Now it’s time for “Driving lessons with Dana Milbank.” Let’s go to the tape.
Driver-trainee: “There’s a brick wall ahead. I’ll stop.”
Trainer-Milbank: “No! Speed up. Faster, faster!”
Driver-trainee: “Really? If I do, I’ll hit the wall. That can’t be what the owner of this car would want. In fact, he told me to make sure I don’t destroy it.”
Trainer-Milbank: “Well, having driven this far, you have to continue. That’s exactly what the owner wants, no matter what he says.” Sadly the tape ends here, with a crash.
In real life, Milbank is a columnist for The Washington Post, not a driving instructor. He dispenses advice to politicians, not those operating heavy machinery. That’s probably for the best.
Here’s some of his choicest recent advice to liberals in congress. He was writing before Scott Brown pulled off the political upset of the century in Massachusetts. But Milbank didn’t think the outcome of that race really mattered, anyway: “Democrats have an unhappy choice: They can pass health-care reform and have a losing year, or they can shelve health-care reform and have a disastrous year. Voters may not like the health-care bill, but they’ll punish the majority party even more for dithering and drifting without accomplishing anything.”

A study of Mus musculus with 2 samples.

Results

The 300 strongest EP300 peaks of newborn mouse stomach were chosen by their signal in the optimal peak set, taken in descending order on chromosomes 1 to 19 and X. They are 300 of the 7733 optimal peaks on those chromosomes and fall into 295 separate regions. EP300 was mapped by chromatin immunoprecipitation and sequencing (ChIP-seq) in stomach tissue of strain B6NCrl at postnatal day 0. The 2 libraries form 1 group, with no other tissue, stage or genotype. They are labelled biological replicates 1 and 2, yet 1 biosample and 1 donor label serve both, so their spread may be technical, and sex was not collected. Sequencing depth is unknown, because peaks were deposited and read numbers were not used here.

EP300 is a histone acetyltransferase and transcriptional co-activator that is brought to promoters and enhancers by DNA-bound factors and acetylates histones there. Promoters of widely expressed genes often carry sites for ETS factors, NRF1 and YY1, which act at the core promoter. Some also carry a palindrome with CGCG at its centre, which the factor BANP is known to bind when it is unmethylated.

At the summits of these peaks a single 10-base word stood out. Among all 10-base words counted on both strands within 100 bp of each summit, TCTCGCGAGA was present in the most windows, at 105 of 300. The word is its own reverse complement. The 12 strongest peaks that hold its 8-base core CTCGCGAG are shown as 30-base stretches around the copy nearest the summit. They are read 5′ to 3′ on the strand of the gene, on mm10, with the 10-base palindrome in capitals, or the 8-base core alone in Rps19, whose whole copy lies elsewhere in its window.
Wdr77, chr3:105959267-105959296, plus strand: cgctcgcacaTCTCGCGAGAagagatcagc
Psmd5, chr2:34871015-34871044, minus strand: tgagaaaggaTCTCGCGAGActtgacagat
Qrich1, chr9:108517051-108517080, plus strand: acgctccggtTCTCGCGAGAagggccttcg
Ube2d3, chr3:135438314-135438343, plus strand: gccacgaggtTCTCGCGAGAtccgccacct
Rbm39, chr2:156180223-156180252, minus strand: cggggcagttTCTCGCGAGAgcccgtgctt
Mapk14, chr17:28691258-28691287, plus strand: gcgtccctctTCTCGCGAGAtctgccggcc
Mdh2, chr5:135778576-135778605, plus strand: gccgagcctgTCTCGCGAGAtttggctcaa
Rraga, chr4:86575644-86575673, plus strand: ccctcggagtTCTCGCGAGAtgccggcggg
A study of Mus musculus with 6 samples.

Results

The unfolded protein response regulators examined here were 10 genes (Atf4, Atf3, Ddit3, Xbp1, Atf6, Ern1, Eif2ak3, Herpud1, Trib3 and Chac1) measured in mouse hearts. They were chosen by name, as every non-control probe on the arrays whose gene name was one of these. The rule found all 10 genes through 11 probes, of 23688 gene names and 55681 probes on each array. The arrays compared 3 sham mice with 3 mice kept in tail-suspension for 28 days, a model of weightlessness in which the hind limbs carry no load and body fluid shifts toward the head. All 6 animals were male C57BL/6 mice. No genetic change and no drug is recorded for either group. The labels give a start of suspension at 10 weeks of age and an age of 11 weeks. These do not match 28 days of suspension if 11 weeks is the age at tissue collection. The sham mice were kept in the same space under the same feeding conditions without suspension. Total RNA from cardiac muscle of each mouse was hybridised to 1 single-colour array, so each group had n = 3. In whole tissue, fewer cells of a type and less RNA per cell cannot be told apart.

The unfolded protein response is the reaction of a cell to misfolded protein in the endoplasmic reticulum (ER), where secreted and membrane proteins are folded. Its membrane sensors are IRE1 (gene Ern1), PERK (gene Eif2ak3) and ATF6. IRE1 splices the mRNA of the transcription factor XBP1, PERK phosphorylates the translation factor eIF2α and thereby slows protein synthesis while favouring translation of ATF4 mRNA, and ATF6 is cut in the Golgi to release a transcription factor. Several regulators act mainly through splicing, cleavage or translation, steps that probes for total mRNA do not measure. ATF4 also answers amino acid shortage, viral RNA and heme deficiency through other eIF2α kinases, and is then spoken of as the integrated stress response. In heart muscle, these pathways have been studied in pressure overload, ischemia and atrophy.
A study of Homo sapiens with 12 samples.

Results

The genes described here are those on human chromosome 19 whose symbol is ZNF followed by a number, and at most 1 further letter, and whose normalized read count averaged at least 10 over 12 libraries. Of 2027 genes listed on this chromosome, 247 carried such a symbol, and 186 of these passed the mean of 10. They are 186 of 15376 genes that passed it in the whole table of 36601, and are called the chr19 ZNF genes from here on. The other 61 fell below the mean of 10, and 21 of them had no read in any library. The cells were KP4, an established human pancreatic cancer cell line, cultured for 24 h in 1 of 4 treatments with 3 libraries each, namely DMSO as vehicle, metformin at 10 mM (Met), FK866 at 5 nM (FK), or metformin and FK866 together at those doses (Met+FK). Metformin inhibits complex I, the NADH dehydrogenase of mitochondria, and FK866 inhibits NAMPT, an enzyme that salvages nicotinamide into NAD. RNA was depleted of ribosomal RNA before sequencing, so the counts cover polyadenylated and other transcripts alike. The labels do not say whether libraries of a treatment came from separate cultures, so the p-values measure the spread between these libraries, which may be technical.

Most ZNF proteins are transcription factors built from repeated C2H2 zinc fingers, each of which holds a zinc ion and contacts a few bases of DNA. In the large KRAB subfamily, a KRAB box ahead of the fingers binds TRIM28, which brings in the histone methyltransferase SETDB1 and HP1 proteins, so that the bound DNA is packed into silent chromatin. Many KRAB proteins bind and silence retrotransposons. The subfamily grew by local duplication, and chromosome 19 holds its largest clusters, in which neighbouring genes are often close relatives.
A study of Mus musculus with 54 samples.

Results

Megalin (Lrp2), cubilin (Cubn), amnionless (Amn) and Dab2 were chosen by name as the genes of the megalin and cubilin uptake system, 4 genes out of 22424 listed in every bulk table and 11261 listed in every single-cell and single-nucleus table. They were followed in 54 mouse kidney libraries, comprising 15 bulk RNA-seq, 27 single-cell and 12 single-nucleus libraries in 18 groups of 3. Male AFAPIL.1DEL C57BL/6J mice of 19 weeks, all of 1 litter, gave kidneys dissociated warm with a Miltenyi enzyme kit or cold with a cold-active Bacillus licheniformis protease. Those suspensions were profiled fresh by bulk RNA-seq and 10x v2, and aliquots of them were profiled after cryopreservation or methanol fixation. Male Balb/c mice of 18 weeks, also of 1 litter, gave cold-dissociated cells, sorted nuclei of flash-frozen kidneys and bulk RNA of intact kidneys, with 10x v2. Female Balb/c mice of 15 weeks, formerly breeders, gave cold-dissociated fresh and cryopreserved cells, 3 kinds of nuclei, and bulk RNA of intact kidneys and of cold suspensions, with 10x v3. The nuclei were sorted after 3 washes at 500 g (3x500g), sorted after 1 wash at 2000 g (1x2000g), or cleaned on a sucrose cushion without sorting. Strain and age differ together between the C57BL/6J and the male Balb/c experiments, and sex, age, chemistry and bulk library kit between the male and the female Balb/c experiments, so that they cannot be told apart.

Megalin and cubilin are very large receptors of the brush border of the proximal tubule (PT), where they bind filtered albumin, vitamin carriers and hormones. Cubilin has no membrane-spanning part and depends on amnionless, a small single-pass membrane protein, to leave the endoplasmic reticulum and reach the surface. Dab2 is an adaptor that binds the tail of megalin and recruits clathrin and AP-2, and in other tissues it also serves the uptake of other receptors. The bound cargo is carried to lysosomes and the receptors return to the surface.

This advice boils down to: “Hurry up and pass an unpopular bill, or you’ll be punished at the polls.” It hinges on whether voters are more likely to punish lawmakers for passing a bill the voters oppose, or for failing to pass a bill the voters oppose. The answer seems obvious, but Milbank has drawn the opposite conclusion.
And how do we know the health care plan is unpopular? Look at opinion polls. Rasmussen recently found that 56 percent of likely voters oppose Obamacare. Only 38 percent support it. Or consider the Massachusetts election. Brown made opposition to Obama’s health reform his signature issue, and won easily in a heavily Democratic state.
Moreover, he picked up the seat held by Sen. Ted Kennedy, the man liberals credit with driving health care reform. “There is really only one author of this bill,” Sen. Tom Harkin said in December. “Sen. Ted Kennedy, it’s his bill.” So it’s difficult to see the vote as anything other than a slap in the face for the president’s party and its signature issue.